NEWARK, N.J. -- Avery Johnson coaches basketball teams for a living. He doesn't write movie scripts.
But if he did, the New Jersey Nets coach couldn't have written a better ending to his debut than what transpired at the Prudential Center on Wednesday night against Detroit.
His new team -- coming off a disastrous 12-win season -- trailed by 10 points with six minutes to go on opening night. But in their first game in a new arena, playing in front of a new owner and for a new coach, the Nets made that 12-win season look like ancient history.
The Nets showed the resolve that was missing last season, outscoring the Detroit Pistons 13-3 in the final 1:40 to pull off a stunning 101-98 win.
"If this was a movie, for a team coming out of a situation that we've come out of and a new team banding together, it's a beautiful ending," Johnson said minutes after the Nets completed the fourth-quarter rally.
Things looked dire for New Jersey midway through the fourth. A three-point lead late in the third quarter became a 10-point deficit with 6:05 to go, thanks to a flurry of turnovers, missed layups and a porous defense.
"I think we would have folded last year," Brook Lopez (25 points) said of the team that lost an NBA-record 18 games to begin the 2009-2010 season.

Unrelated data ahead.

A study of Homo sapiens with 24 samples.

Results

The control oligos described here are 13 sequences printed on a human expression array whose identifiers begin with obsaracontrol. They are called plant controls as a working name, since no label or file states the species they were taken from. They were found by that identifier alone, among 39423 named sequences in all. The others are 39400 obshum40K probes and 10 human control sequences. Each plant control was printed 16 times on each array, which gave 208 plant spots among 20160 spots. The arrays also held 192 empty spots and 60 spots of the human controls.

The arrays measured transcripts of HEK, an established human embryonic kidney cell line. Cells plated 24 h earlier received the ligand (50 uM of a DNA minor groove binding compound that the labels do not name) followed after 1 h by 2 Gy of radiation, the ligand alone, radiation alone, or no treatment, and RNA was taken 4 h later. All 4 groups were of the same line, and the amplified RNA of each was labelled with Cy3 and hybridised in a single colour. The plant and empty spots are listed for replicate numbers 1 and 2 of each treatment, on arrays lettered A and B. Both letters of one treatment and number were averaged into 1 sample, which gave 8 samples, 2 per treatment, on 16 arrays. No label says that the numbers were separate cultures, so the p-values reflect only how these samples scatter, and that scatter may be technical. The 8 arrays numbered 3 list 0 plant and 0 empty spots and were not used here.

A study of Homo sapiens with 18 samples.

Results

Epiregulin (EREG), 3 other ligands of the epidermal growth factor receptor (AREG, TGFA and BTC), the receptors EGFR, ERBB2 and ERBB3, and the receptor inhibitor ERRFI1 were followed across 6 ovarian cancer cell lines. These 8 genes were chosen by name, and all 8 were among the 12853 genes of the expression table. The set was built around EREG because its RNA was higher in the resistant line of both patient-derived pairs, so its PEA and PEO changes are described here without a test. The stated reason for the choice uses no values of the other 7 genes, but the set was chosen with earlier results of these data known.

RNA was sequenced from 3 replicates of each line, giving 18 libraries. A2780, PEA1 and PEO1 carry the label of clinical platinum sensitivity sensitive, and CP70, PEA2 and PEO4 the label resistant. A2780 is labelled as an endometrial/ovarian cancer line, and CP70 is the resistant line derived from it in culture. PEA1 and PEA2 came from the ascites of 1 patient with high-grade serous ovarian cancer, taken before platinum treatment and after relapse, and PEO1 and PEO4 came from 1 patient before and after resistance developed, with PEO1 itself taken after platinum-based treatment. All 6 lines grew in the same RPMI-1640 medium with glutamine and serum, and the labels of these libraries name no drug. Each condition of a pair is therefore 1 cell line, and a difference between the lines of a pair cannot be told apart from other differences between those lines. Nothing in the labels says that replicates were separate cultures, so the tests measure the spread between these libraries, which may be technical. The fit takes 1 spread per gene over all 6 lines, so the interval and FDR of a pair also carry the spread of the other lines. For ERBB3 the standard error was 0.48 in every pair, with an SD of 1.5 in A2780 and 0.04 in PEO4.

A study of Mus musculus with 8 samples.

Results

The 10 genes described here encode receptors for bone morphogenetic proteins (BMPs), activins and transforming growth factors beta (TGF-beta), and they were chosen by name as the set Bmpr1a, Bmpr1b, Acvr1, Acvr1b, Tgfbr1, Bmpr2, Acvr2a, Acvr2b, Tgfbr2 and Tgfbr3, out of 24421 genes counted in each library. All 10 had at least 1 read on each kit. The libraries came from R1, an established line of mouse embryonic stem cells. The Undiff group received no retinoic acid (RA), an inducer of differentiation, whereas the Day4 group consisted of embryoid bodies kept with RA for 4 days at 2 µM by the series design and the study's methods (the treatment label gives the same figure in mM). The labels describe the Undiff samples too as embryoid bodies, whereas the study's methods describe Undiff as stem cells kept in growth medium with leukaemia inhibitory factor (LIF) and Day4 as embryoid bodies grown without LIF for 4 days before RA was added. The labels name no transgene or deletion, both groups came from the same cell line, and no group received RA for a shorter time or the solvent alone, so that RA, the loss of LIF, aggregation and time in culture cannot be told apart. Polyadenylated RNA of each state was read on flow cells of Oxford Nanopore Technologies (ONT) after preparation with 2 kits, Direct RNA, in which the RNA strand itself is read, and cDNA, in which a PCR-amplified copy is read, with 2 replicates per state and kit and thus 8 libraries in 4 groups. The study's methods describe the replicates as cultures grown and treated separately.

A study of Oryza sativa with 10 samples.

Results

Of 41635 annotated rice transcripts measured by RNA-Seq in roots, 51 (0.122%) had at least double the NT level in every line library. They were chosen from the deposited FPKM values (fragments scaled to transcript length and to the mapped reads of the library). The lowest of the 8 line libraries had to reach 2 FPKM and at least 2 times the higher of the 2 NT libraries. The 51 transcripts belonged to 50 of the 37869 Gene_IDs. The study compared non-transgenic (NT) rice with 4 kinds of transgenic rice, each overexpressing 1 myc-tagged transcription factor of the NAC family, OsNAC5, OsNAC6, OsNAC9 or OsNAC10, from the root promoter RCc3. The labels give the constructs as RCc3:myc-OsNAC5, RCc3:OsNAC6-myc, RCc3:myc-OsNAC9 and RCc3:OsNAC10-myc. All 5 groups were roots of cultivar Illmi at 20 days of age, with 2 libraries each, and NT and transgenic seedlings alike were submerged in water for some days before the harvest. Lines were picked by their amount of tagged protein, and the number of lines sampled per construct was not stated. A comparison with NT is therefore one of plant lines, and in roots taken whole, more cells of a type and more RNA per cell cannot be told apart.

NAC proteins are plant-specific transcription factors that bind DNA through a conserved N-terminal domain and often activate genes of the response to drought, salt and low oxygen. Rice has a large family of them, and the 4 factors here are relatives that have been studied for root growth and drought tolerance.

But they didn't fold. Not this season.
Instead, reserve guard Jordan Farmar hit a 3-pointer to pull the Nets within four with 1:32 to go, then picked Ben Gordon's pocket and found an open Devin Harris for a fadeaway jump shot on the next possession. Harris hit the 14-footer as he was fouled by Gordon and converted the subsequent free throw to pull the Nets within one at 95-94.
After a Rodney Stuckey miss and a Nets 20-second timeout, Harris brought the ball down the floor and penetrated on Will Bynum. Bynum knocked the ball free as Harris drove, but the Nets points guard dove and tipped it back to an open Anthony Morrow, who drilled a 3-pointer from the right side to put the Nets up 97-95. It was their first lead since 11:24 of the fourth quarter.
"We looked like we were finished and we kept playing," Johnson said. "It showed the personality of our team."
And the Nets showed that personality in front of new owner Mikhail Prokhorov.
Prior to the game, Prokhorov tempered his once grandiose expectations for the Nets. He'd previously stated that he believed the Nets would make the playoffs in their first season of his ownership and win an NBA championship within five seasons.
Given the chance to reiterate those expectations Wednesday, Prokhorov demurred.
"I just want to have fun," he said.
Maybe Prokhorov, who was on hand along with part-owner Jay-Z, will realize it's OK to dream again about the playoffs after what he saw opening night.
Johnson, for one, never seemed to get caught up in the owner's outlandish expectations. He's said he's only worried about winning the game at hand.
And his first one with the Nets couldn't have turned out any better.
Said Johnson: "This was a beautiful ending."
Ian Begley is a regular contributor to ESPNNewYork.com.